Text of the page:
Movie review: 'Hitchcock' - 4 stars
Directed by Sacha Gervasi
Starring Anthony Hopkins, Helen Mirren, Scarlett Johansson, Jessica Biel
To watch Anthony Hopkins play Alfred Hitchcock in "Hitchcock" is to experience an onscreen transformation that's so complete, so comprehensive, it's as if the real person has been revived. This is Daniel Day-Lewis territory.
But Sacha Gervasi's movie offers much more than that riveting transformation. An insider look at the making of "Psycho" in 1959, "Hitchcock" reflects the mischievous persona of its protagonist. Written by John J. McLaughlin, the film utilizes sharp humor and a keen sense of the macabre to vividly depict Hitch's creative process, his inner life and the mid-century Hollywood he called home.
The film opens with the legend coming off the smashing success of "North by Northwest" and desperate for a fresh challenge. He finds it in an unlikely place: "Psycho," a nasty little novel by Robert Bloch about a man and his mother.
The movie looks at the challenge of setting up the gritty, intensely disturbing project at the apex of the studio era, when all Paramount wanted out of Hitch was self-plagiarism. It depicts the enormous risks he took by going ahead with the movie and the ways the burdensome production began affecting his marriage to Alma (Helen Mirren), his biggest supporter and invaluable creative partner.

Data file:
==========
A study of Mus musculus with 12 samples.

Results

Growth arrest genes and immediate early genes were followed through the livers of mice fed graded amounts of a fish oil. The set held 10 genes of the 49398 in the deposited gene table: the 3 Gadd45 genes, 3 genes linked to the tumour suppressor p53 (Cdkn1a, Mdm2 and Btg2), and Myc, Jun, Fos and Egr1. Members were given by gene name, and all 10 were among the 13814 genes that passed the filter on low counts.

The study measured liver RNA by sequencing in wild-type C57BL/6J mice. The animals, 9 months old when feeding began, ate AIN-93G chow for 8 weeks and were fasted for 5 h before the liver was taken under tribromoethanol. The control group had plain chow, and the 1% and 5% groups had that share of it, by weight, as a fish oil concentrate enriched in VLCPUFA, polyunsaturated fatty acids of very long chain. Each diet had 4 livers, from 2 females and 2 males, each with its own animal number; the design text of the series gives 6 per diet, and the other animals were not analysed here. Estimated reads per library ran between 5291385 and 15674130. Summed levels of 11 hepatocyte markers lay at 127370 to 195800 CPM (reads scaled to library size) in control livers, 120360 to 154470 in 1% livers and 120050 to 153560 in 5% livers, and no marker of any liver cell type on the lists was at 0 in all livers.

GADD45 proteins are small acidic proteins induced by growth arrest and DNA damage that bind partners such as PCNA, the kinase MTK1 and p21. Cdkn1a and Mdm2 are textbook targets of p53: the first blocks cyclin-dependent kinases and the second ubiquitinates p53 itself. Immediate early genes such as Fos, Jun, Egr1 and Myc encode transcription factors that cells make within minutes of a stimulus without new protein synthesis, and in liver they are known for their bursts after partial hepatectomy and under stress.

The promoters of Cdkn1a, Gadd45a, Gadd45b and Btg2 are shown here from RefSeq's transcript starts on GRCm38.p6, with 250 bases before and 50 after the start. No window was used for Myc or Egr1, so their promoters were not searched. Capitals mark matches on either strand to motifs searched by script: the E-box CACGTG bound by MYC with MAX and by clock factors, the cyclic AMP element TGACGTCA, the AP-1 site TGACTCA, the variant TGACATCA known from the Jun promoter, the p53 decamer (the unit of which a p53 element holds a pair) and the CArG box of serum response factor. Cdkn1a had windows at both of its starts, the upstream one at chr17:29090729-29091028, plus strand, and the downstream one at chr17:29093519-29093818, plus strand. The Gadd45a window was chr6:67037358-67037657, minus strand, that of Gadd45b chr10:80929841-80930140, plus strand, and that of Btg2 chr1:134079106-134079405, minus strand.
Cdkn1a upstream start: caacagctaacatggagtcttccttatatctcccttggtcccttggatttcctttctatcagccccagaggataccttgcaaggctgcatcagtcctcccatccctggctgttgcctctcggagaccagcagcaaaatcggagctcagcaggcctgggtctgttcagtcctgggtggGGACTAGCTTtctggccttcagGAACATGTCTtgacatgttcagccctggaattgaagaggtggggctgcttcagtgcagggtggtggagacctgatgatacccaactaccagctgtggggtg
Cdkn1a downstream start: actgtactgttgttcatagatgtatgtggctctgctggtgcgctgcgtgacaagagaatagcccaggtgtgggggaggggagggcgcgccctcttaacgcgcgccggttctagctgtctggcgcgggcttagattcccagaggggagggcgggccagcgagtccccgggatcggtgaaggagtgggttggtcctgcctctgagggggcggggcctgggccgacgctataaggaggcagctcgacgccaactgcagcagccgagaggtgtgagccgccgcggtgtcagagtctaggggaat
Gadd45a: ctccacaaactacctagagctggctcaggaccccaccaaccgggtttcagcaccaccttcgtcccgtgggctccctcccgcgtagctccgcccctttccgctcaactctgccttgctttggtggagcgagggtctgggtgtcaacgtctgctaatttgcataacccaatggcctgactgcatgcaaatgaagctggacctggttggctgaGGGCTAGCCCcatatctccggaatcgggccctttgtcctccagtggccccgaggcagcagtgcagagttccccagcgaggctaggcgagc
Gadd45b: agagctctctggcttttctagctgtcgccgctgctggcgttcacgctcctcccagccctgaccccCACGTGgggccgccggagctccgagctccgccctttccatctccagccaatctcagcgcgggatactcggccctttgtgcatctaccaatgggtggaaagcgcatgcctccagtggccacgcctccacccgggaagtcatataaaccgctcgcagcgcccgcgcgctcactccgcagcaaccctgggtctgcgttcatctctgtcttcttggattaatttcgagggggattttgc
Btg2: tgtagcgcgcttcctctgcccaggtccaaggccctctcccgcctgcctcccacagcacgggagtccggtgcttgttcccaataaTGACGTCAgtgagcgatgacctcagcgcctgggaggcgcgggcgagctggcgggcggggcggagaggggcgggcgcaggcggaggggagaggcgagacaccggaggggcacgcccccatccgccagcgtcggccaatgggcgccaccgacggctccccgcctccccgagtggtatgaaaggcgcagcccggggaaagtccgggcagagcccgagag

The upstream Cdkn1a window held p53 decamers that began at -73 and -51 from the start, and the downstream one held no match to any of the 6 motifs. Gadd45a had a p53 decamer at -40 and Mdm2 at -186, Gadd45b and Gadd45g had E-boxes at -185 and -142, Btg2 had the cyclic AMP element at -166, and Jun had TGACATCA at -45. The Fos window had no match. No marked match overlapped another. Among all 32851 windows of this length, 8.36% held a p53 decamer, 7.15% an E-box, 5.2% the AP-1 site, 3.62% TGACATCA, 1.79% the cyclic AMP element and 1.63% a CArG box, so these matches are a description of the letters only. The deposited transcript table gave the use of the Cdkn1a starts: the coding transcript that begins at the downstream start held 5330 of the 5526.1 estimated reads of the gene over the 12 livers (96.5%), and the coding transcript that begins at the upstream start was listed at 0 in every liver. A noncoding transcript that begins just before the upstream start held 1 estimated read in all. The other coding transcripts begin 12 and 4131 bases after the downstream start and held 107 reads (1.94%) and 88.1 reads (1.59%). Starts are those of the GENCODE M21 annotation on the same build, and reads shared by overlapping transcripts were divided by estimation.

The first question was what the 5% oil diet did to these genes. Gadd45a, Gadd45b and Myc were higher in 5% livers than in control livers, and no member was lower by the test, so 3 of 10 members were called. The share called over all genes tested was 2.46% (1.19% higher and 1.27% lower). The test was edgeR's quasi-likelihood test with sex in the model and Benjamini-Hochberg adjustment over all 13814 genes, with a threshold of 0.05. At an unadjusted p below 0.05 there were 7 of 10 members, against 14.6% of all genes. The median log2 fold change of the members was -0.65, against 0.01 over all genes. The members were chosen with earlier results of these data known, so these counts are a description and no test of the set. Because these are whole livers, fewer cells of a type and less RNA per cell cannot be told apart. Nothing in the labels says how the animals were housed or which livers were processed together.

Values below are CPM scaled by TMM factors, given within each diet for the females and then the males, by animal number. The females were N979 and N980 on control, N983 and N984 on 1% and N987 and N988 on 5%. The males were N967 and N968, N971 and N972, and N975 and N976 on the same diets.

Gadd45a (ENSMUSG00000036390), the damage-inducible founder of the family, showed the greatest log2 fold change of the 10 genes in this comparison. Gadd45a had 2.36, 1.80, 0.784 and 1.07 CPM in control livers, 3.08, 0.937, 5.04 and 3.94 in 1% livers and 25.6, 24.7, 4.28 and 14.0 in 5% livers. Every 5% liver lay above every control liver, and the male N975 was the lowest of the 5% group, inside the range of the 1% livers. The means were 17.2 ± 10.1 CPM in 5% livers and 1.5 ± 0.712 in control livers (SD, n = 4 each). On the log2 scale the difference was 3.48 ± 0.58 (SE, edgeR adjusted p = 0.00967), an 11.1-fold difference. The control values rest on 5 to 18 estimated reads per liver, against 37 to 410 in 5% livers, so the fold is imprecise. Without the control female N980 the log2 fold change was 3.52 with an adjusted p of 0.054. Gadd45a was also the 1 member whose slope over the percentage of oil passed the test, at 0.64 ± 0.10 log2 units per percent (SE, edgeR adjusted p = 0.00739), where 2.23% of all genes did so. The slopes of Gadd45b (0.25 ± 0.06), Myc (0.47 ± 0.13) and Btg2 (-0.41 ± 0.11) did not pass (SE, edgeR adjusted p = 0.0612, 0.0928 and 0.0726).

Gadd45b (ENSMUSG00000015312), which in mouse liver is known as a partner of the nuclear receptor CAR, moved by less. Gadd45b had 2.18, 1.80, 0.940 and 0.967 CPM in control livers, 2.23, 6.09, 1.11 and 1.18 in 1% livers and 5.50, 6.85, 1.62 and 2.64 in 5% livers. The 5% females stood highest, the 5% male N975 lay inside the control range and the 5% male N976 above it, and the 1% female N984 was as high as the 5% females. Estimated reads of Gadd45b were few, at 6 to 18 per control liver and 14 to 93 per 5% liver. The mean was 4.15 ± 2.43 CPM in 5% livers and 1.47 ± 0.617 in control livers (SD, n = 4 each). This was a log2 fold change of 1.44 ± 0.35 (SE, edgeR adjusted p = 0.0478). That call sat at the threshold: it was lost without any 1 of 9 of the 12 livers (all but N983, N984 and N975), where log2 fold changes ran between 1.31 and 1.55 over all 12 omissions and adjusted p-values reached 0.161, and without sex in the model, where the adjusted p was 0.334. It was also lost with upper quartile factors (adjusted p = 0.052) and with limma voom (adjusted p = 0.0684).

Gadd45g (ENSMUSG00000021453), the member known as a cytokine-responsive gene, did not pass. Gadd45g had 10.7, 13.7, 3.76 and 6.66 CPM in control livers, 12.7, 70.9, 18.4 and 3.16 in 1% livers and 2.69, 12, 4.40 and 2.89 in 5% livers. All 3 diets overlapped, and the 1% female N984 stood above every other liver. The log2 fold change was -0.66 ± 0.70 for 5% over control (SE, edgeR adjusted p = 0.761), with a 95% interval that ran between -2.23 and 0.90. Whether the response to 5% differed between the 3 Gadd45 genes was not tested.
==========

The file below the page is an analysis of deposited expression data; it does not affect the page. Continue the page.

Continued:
Gervasi offers a full dose of period Hollywood glamour: Vera Miles (Jessica Biel), Janet Leigh (Scarlett Johansson) and Norman Bates himself, Anthony Perkins (James D'Arcy), play prominent parts here. The "Psycho" set bustles with the excitement and frenzy of a classic soundstage production. It's a symphony and Hitch is the conductor.
But this isn't just lightweight backstage stuff. The movie delves into the protagonist's dark subconscious, as imagined conversations with Ed Gein (Michael Wincott), a real life serial killer who inspired Norman, give the film a sinister edge. Hitch's snarky witticisms, doled out expertly by Hopkins, straddle the line between creative and creepy.
In the end, though, Gervasi and his star shatter the genius façade and transcend the famous profile. They reveal a man grappling with a crippling sense of inadequacy and the burning need to stay fresh on the job, to prove himself over and over again. "Hitchcock" goes in search of the person instead of the myth. And it finds that he was just like the rest of us.